Dana Richardson-Blewett doesn’t know how many vintage coats she has in her collection. “I stopped counting once I reached 108,” she laughs from her home in Toronto. “I just can’t tell anymore because there are way too many.” And indeed there are.
As the owner of two businesses that sell and rent vintage clothing (Victory Girl Vintage and Victory Girl Collections), Richardson-Blewett has accumulated her own personal reservoir of retro outerwear, which would rival the archives of MGM Studios and Paramount Pictures combined. Her closet is like a perfectly preserved fashion time capsule, transporting those lucky enough to step inside it into a world where long fur stoles from the 1930s and ’40s intermingle with psychedelic patterns from the ’60s and ’70s and where leather trenches and wool capes conjure images from American Hustle and Gentlemen Prefer Blondes. And this isn’t even a quarter of her hoard.
“Coats are a crazy thing to collect because they take up a lot of room,” says Richardson-Blewett, lamenting her lack of storage space. As a result, she’s been forced to split her stockpile between her basement, her front hall closet and her parents’ house. (They don’t seem to mind.) It’s actually her family that’s to blame for her love of vintage. Her mother bought consigned clothing for Richardson-Blewett before she was even born. Her stepmother was a fashion professor at Brescia University College in London, Ont. And in the ’40s, her grandmother chose to forgo food for a month so she could afford a full-length mink masterpiece (although Richardson-Blewett believes this is probably an exaggeration).
Fittingly, one of the first pieces in Richardson-Blewett’s collection was a gift from her grandmother: a shorter version of the aforementioned furry finery. Another early addition was a blue leather jacket from the ’60s, a purchase inspired by her fascination with Twiggy and Mary Quant. However, Richardson-Blewett shares that her style has evolved since her teen years. “Now, it’s a mash-up of decades,” she begins. “After those early years, I wore a lot from the ’30s and ’40s, but now I’m really into the ’70s. It’s not about having one fashion icon but more of an overall vibe,” which she describes as feminine, eclectic and classic.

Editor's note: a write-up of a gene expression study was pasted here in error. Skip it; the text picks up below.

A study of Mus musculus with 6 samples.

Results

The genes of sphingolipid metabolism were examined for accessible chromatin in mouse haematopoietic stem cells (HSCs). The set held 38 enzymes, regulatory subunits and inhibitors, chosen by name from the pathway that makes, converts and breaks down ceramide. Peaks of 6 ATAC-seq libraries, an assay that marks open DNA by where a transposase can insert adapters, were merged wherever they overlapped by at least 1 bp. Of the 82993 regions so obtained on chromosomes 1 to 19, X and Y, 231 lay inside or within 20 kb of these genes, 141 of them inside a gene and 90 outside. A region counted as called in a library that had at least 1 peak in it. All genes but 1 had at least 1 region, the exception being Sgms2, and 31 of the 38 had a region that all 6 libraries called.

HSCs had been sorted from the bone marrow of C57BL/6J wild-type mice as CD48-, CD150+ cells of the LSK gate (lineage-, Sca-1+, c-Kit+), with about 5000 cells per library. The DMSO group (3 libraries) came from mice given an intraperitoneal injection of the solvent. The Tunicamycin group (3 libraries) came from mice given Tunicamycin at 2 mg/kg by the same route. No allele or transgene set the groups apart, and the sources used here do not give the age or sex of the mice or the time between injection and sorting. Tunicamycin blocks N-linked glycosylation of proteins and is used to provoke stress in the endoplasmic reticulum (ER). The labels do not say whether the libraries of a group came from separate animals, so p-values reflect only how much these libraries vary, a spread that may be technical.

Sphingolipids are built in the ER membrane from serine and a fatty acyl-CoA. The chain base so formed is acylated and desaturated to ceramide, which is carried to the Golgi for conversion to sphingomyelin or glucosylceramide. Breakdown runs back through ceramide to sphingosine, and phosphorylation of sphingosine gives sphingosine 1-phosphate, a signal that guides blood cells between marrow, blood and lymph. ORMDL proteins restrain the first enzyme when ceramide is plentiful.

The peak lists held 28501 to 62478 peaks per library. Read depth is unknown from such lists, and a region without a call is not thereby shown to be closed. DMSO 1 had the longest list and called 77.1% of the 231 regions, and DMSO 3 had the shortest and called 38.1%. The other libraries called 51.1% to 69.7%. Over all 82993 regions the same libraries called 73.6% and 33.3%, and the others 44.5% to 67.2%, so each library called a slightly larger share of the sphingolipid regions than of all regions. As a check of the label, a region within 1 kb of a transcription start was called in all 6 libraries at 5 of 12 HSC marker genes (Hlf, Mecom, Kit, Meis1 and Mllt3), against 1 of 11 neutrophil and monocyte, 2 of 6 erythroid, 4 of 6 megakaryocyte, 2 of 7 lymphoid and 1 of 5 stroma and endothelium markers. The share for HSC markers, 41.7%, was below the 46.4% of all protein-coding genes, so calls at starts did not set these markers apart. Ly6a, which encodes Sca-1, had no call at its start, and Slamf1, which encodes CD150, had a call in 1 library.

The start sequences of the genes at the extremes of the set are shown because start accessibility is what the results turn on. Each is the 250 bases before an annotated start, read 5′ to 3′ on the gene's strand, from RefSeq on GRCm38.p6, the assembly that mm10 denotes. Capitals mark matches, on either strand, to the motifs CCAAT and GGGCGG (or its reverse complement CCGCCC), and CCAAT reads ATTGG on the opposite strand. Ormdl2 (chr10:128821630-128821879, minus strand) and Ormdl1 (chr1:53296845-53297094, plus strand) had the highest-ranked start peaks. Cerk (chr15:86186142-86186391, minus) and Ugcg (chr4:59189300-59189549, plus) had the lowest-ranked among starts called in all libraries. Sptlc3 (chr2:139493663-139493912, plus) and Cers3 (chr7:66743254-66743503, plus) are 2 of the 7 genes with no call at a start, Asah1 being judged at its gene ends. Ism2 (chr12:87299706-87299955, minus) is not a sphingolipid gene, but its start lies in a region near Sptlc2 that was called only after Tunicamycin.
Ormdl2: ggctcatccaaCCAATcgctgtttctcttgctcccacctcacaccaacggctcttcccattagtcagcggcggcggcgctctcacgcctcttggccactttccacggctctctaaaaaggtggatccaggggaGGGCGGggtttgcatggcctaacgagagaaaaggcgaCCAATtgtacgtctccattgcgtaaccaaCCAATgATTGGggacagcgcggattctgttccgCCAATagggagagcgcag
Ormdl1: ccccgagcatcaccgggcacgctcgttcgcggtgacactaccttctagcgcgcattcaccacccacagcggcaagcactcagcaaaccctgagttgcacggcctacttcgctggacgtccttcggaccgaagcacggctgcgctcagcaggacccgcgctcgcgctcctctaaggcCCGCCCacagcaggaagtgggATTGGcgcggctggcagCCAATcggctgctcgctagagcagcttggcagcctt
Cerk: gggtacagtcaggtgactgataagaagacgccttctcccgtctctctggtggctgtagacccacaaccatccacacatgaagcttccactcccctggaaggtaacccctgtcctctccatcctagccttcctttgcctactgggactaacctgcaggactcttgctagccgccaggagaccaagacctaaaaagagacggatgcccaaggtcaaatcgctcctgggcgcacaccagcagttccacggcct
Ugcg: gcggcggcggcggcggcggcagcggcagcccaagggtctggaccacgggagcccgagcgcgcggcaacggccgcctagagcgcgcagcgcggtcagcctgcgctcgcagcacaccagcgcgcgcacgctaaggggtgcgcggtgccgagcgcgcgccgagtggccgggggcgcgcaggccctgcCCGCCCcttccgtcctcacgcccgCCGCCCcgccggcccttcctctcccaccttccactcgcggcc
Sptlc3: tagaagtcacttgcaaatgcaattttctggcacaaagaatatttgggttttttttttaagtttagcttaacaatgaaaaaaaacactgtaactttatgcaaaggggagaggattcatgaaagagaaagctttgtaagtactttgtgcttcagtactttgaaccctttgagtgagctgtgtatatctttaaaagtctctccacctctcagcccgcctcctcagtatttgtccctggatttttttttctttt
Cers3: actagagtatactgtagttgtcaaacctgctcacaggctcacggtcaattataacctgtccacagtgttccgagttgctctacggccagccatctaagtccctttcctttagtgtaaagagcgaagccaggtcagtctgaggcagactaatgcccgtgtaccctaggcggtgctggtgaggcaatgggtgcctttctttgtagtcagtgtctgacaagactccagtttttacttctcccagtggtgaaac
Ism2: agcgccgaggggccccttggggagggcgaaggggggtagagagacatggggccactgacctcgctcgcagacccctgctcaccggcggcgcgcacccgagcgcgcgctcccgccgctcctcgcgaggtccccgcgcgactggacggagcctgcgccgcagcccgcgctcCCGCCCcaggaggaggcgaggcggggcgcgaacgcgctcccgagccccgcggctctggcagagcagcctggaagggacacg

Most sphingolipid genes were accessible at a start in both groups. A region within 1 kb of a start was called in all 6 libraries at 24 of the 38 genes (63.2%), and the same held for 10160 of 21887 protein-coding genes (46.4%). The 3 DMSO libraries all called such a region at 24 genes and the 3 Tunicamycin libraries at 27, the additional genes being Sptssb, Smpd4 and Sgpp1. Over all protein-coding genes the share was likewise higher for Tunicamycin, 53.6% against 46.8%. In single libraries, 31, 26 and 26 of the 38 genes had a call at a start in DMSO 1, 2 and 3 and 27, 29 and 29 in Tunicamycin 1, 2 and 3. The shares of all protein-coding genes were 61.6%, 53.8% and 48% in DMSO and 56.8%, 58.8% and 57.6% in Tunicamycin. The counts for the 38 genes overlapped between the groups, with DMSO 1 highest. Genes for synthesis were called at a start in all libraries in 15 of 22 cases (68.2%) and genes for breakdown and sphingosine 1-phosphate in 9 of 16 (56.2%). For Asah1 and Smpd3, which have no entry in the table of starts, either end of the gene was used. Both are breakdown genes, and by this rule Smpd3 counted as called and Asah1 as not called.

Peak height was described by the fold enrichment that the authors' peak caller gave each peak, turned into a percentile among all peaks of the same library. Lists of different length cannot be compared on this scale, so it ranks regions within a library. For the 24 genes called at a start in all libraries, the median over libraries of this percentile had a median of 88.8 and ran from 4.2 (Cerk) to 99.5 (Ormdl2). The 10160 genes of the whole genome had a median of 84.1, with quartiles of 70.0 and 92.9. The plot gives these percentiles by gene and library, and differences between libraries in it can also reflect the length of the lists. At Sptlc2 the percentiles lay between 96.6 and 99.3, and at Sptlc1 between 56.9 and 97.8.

But with such a fascination with all vintage fashion, why collect coats? Well, for starters, Richardson-Blewett says that they’re easy to buy because “the fit doesn’t have to be perfect” and “there are always so many beautiful new ones to be discovered.” She also adds that older outerwear can work effortlessly with modern outfits. “When customers come into my store and say they want to get into vintage but don’t know where to start, I always tell them to buy a coat,” she explains. In fact, one of Richardson-Blewett’s favourite feelings is walking down the street in a statement ensemble and watching the reactions from passersby. A few strangers have even run after her, desperate to know where she had found a particular piece. She smiles at the thought of this and says, “I feel like a million bucks when I wear the right coat.”
And therein lies the truth about Richardson-Blewett’s jumble of retro jackets: It’s fuelled by pure, unabashed joy. She loves imagining the earlier life of a well-worn trench and delights in rummaging through the pockets of a repurposed peacoat, eager to find a souvenir from a previous owner. And, most importantly, Richardson-Blewett feels like the best version of herself while wearing them. “There’s something very powerful about sporting a beautiful vintage coat. I know I’m not going to blend into the crowd, and I like that.”
See some of Richardson-Blewett’s spectacular collection in the gallery below.
This article first appeared in FASHION‘s October issue. Find out more here.